JD.com (JD 2.37%), the biggest direct retailer in China, recently announced new partnerships with four American tech companies: PC maker HP (HPQ 20.09%), software giant Microsoft (MSFT -2.24%), DRAM module maker Kingston, and hard drive maker Western Digital (WDC -1.48%). Let's see how working with JD could help these four companies.

1. Partnering with HP for "consumer to manufacturer" sales

HP was one of the first brands to partner with JD in C2M (consumer to manufacturer) sales. In a C2M model, a consumer pre-orders a certain product, and the manufacturer only produces the product when a certain number of orders are reached.

This approach lets a manufacturer produce a set number of products for a niche market without being burdened with excess inventory. HP has used this C2M approach to sell its OMEN gaming PCs on JD.com since 2015, and it recently named JD as its "best worldwide partner" for the OMEN brand. That slow-and-steady approach is working, and HP plans to sell 100 new C2M products on JD.com within the next two years.

A JD autonomous delivery vehicle at a delivery station in Changsha, China.

Image source: JD.com.

Doing so could boost HP's laptop and desktop sales, which together accounted for 61% of its top line last quarter. It could also strengthen HP's Asia-Pacific business, which generated 23% of its revenue. Moreover, strengthening its PC business could offset the sluggish growth of its printing business.

2. Promoting Microsoft's Office 365 and smart retail efforts

China has been a tough market for Microsoft, due to software piracy, tense confrontations with the Chinese government, and competition from Alibaba (BABA 0.89%) and other rivals in the cloud market.

To give Microsoft a boost, JD will partner with Microsoft to promote Office 365 with trial experiences for Chinese users. Doing so could strengthen Microsoft's commercial cloud business, which generated $11.6 billion in revenue, or 35% of its top line, last quarter.

JD also noted that it had been "partnering closely" with Microsoft in smart retail experiences in recent years, and that it used its sensors and software to power its brick-and-mortar JD Retail Experience shops in Wuhan, Suzhou, and Meizhou. That partnership complements Microsoft's partnerships with brick-and-mortar retailers across the U.S., and could encourage other Chinese retailers to follow JD's lead and adopt Microsoft's technologies.

JD's E-SPACE brick-and-mortar store.

Image source: JD.com.

3. Reinforcing Kingston's lead in DRAM modules

Kingston is the world's largest maker of DRAM modules, which combine DRAM chips with PCBs (printed circuit boards). It buys DRAM chips from a chipmaker like Samsung or Micron and produces the finished memory module, which can be installed into a computer. It also sells flash memory products and other computing devices.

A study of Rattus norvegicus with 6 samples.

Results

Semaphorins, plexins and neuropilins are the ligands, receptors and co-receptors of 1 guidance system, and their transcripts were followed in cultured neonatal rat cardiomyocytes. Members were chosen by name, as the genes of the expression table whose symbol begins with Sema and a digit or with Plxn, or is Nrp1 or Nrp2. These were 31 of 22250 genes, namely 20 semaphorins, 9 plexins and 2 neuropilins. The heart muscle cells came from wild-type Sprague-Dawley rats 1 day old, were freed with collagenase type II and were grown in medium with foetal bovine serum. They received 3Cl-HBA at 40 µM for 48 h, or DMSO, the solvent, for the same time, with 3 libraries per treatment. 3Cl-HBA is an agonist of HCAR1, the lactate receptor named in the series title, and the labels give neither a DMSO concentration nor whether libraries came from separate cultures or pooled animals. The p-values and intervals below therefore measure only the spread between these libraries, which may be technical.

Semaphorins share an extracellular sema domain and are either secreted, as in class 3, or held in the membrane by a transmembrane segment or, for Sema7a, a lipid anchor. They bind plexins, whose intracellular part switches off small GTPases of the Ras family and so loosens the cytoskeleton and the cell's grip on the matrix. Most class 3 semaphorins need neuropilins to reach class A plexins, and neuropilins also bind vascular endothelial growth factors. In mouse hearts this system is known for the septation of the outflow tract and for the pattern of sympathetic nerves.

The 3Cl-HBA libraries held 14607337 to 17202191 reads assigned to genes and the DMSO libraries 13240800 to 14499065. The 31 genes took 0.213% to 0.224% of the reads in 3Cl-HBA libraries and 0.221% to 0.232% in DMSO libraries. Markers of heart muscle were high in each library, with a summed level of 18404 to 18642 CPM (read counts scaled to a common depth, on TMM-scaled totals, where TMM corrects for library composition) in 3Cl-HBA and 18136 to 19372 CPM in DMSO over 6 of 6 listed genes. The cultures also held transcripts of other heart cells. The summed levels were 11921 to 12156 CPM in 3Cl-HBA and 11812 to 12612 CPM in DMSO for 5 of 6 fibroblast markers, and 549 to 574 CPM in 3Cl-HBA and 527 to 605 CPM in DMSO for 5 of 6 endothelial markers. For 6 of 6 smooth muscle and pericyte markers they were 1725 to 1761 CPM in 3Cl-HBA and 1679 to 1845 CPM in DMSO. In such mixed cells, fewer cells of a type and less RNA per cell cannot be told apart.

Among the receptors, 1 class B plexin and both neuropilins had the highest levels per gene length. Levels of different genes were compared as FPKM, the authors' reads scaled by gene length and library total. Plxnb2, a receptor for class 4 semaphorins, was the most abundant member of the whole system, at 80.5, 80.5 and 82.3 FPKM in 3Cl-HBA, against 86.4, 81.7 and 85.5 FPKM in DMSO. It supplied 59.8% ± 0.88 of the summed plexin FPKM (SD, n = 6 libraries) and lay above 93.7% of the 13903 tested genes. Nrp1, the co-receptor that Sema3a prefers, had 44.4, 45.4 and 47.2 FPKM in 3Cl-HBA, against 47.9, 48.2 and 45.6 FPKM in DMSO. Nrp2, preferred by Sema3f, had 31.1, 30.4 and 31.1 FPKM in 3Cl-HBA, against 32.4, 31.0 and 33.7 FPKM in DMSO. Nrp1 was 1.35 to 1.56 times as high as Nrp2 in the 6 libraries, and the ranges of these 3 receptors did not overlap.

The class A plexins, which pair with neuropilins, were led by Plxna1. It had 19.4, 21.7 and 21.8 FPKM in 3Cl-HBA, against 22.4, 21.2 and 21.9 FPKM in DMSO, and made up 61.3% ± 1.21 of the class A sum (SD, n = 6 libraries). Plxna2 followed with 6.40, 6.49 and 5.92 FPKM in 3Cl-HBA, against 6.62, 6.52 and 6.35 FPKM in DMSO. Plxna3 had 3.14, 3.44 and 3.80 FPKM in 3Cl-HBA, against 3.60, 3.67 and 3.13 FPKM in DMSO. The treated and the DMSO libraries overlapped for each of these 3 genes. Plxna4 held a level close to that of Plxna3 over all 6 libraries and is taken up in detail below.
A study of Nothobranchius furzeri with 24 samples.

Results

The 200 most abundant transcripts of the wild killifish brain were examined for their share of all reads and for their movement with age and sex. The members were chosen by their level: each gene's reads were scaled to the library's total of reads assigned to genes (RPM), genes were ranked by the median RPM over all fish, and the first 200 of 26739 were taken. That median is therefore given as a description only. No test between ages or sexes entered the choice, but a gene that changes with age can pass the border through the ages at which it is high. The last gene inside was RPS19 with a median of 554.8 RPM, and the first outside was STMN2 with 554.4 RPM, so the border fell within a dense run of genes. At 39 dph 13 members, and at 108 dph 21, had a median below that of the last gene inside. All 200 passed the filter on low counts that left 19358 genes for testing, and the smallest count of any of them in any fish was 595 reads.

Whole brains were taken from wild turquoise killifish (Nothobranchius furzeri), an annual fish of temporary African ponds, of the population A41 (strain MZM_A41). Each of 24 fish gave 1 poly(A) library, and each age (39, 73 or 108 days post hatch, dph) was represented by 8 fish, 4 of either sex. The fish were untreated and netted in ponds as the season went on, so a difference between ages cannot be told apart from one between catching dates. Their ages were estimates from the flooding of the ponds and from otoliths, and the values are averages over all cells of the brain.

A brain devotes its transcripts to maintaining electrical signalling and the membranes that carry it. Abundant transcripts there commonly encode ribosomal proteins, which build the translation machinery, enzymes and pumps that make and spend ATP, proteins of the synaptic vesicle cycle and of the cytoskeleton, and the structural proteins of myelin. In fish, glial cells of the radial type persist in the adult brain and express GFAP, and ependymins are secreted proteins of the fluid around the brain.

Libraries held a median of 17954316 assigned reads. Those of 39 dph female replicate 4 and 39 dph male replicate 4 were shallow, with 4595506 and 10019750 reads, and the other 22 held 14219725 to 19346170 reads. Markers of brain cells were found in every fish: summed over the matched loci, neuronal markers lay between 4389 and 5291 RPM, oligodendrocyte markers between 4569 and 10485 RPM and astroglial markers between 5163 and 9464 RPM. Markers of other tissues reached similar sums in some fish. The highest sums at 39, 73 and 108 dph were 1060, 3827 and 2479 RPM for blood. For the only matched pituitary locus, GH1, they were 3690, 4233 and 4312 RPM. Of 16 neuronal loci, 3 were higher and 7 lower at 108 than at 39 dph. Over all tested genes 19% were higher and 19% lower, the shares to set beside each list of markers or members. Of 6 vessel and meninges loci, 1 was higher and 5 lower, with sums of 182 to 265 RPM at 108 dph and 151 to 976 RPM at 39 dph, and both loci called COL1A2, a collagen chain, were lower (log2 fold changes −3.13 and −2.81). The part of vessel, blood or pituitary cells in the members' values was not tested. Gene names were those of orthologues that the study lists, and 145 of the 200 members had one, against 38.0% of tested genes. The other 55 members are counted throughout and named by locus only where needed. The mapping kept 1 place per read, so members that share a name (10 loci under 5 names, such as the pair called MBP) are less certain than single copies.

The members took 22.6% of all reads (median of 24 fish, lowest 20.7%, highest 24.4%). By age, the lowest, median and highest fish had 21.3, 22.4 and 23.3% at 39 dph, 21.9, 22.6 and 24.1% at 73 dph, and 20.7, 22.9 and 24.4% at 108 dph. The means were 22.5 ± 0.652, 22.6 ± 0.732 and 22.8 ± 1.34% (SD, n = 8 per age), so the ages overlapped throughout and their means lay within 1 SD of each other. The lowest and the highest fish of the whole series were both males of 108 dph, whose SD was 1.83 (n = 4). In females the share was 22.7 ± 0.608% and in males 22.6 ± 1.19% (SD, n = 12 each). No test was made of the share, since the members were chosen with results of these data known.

JD initially signed a 10-year partnership with Kingston in 2009. At CES, it announced that it would commence a second 10-year partnership targeting $800 million in sales over the next three years. Kingston is privately held, so it doesn't regularly disclose its annual revenue. However, Trendforce estimates that it generated $11.95 billion in DRAM revenue in 2018 -- so its deal with JD could generate a low single-digit percentage of the division's total sales.

4. Selling WD's hard drives to enterprise customers

JD stated that it was cooperating "strategically" with Western Digital to sell "tailored products, supply chain, and marketing solutions" to enterprise customers. JD also sells a wide range of WD's hard disk drives (HDDs) and flash-based solid state drives (SSDs) to mainstream consumers. WD also named JD as its "most valuable" worldwide partner for 2019.

That partnership complements WD's joint venture with China's Unisplendour and Unisoft Group to develop data storage systems for the Chinese market. WD doesn't disclose its total revenue in China, but working with JD and the Unis joint venture could bolster its Asia-Pacific revenue, which hit $1.9 billion last quarter and accounted for nearly half of its top line. It could also widen WD's moat against its rival Seagate.

The key takeaways

JD often works with American companies. Walmart and Alphabet's Google own major stakes in JD, and both companies have been collaborating with the retailer on various e-commerce projects.

Pulling tech giants like HP, Microsoft, Kingston, and WD closer complements those deals and widens JD's moat against Alibaba and other e-commerce rivals in China. These deals won't boost JD's near-term revenue, but they'll reinforce the company's reputation as a tightly controlled online marketplace for high-quality goods.